Many Lebanese, Israelis fearful of being dragged into war due to Syrian crisis
- POSTED: 13 Oct 2013 23:32
This graph is an experimental feature that tracks number of views over time.
The prospect of a US-led strike on Syria is waning, but if a strike was to happen, one of the fears is that it would extend well beyond Syria's borders -- involving regional players like Hezbollah in Lebanon and Israel.
TEL AVIV, Israel: The prospect of a US-led strike on Syria is waning, but if a strike was to happen, one of the fears is that it would extend well beyond Syria's borders -- involving regional players like Hezbollah in Lebanon and Israel.
For weeks, the clouds of war have been gathering over Syria.
The signs were there -- Western powers, led by the United States, could attack the embattled country within days.
However, that option seems to have been put on hold, at least for now.
But not before Hezbollah, Lebanon's Shiite movement and a close ally of the Damascus regime, weighed in on the conflict.
Hezbollah chief Hassan Nasrallah publicly stated that any US-led strike aimed at overthrowing Syrian President Bashar-al-Assad would prompt a swift retaliation against Israel.
Gill Hoffman, chief political analyst at The Jerusalem Post, said: “There are 50,000 missiles in Lebanon aimed at Israel today. There are more missiles aimed at Israel from southern Lebanon than in anywhere from anywhere else on this planet.”
Over the years, there have been several armed conflicts between Hezbollah and Israel.
But what is the appetite in Lebanon today, for another showdown with Tel Aviv?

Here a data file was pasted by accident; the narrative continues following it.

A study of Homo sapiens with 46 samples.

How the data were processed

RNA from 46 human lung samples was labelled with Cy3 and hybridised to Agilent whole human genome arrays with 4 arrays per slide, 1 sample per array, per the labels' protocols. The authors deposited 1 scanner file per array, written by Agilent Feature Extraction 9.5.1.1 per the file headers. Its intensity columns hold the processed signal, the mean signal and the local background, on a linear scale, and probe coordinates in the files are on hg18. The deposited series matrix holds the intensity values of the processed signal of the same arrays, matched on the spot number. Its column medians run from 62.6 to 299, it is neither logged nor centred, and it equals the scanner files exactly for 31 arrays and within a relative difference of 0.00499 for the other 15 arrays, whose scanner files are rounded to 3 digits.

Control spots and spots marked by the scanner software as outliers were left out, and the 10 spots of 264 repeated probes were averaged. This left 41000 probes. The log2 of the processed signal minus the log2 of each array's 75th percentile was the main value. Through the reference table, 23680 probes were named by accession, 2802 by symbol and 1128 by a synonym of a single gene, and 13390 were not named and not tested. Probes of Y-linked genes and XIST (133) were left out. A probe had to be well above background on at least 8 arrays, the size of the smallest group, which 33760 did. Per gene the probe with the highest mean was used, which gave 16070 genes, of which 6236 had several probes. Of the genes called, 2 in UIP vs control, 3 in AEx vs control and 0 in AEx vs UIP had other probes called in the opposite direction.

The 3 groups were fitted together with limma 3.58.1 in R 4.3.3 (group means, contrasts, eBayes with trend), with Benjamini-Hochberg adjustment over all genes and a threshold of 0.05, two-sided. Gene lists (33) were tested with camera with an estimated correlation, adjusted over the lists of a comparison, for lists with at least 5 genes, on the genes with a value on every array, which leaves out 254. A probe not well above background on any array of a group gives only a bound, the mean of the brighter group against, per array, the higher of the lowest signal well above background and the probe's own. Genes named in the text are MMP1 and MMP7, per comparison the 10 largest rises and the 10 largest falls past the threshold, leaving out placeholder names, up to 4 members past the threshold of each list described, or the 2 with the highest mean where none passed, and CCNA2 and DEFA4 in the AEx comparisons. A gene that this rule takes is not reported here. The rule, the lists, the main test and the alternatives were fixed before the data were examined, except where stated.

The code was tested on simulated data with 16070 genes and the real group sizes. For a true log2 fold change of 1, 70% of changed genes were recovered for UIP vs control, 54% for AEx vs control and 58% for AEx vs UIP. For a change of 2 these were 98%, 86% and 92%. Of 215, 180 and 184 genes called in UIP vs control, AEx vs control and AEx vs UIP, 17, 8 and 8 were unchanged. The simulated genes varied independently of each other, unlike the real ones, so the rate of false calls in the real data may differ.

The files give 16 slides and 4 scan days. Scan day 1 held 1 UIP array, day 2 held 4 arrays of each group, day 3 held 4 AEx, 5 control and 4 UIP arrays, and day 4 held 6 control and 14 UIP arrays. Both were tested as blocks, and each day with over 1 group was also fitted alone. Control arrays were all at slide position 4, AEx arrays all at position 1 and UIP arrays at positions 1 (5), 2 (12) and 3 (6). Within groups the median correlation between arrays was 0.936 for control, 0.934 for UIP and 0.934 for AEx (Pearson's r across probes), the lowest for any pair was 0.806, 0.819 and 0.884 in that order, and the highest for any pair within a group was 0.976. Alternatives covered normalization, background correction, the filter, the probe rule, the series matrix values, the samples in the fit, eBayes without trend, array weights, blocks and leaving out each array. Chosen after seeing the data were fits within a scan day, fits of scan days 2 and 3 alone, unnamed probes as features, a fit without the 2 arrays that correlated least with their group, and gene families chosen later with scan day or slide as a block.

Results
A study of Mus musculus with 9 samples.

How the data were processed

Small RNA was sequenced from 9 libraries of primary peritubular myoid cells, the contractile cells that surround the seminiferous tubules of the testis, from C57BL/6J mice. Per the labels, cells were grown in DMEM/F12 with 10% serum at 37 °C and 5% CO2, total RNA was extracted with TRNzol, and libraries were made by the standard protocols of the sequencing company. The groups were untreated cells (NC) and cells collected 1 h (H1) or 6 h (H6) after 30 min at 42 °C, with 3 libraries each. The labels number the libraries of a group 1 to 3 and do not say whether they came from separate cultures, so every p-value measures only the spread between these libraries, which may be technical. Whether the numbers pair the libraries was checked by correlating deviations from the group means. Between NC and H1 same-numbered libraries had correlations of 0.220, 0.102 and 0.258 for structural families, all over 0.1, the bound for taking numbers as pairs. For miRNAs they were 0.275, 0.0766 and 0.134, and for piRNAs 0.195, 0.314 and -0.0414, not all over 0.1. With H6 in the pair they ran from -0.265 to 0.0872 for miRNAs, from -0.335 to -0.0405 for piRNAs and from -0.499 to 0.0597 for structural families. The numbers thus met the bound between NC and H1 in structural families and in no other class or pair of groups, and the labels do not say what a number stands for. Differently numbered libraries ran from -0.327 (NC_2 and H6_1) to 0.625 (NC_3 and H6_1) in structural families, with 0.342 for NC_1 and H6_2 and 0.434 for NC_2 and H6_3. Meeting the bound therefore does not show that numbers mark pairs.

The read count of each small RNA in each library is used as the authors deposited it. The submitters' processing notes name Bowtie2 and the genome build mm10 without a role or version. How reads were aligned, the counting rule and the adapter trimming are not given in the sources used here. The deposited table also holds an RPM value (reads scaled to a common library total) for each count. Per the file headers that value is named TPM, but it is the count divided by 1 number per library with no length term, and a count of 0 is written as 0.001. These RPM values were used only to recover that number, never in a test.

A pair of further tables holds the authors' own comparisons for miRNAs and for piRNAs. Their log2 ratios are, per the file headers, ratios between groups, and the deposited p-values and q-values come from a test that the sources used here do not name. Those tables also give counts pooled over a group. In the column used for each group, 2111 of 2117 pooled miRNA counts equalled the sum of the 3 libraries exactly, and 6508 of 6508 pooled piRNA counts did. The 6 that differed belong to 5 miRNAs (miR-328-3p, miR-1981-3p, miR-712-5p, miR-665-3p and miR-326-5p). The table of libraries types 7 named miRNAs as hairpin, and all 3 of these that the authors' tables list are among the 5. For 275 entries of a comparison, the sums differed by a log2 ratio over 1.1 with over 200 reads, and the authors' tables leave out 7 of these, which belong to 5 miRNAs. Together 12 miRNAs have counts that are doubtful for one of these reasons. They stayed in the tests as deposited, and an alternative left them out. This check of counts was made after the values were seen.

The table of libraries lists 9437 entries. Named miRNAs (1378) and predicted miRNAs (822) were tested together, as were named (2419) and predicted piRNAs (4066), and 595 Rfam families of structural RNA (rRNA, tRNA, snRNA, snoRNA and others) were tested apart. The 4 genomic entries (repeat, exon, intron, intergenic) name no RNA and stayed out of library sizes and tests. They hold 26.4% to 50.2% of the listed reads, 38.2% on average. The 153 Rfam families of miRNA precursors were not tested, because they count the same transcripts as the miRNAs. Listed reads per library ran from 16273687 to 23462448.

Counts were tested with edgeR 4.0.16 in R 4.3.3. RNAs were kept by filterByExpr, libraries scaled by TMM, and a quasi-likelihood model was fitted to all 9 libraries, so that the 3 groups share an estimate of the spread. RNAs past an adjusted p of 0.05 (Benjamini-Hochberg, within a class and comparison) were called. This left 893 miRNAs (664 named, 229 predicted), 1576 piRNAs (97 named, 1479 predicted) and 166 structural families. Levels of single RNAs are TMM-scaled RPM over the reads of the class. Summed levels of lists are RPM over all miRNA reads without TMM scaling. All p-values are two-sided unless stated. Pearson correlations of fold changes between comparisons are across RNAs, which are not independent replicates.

Most Lebanese Channel NewsAsia spoke to are against it.
One Lebanese said: “We have lived a very long war here in Lebanon. We are fed up. We lost too many victims.”
Across the border in Israel, Ronny Edry has set up the “Peace Factory”.
"Peace Factory"’s online campaigns target the Iranian and Syrian public with a simple message -- that Israelis do not want war.
A new campaign called "Don't Shoot", is in direct response to America's threat to strike Syria.
Ronny Edry, founder of "Peace Factory", said: “I think Israelis are really divided, because in one place a lot of them are afraid of a war coming, that if the Americans strike on Syria it’s going to become a war in Israel. People are just like waiting for something to happen.”
But as unsure as many Israelis are about a possible war with Hezbollah, they are not taking any chances.
For weeks, the queues at gas mask collection points have been growing, and at times, people wait there for hours.
One Israeli said: “Recent unprecedented developments in the Middle East involving the use of chemical weapons may necessitate an armed strike against Syria itself. The response being that Syria may retaliate against the state of Israel.”
With Iran threatening to come to the aid of its Lebanese ally, while the United States is on Israel’s side, the chances of a wider war are increasingly real.
But for now, it looks like war is not imminent.
The US has thrown Damascus a lifeline -- destroy your chemical weapons, and we will not wage war.
So far, the Syrian regime seems ready to concede.
But US President Barack Obama has made it clear that military action could still be an option if Syrian President Bashar Al-Assad does not oblige.
It is often said that in war there are no winners, only losers -- and many in Israel and Lebanon are hoping they do not get dragged into a war that clearly most people do not want.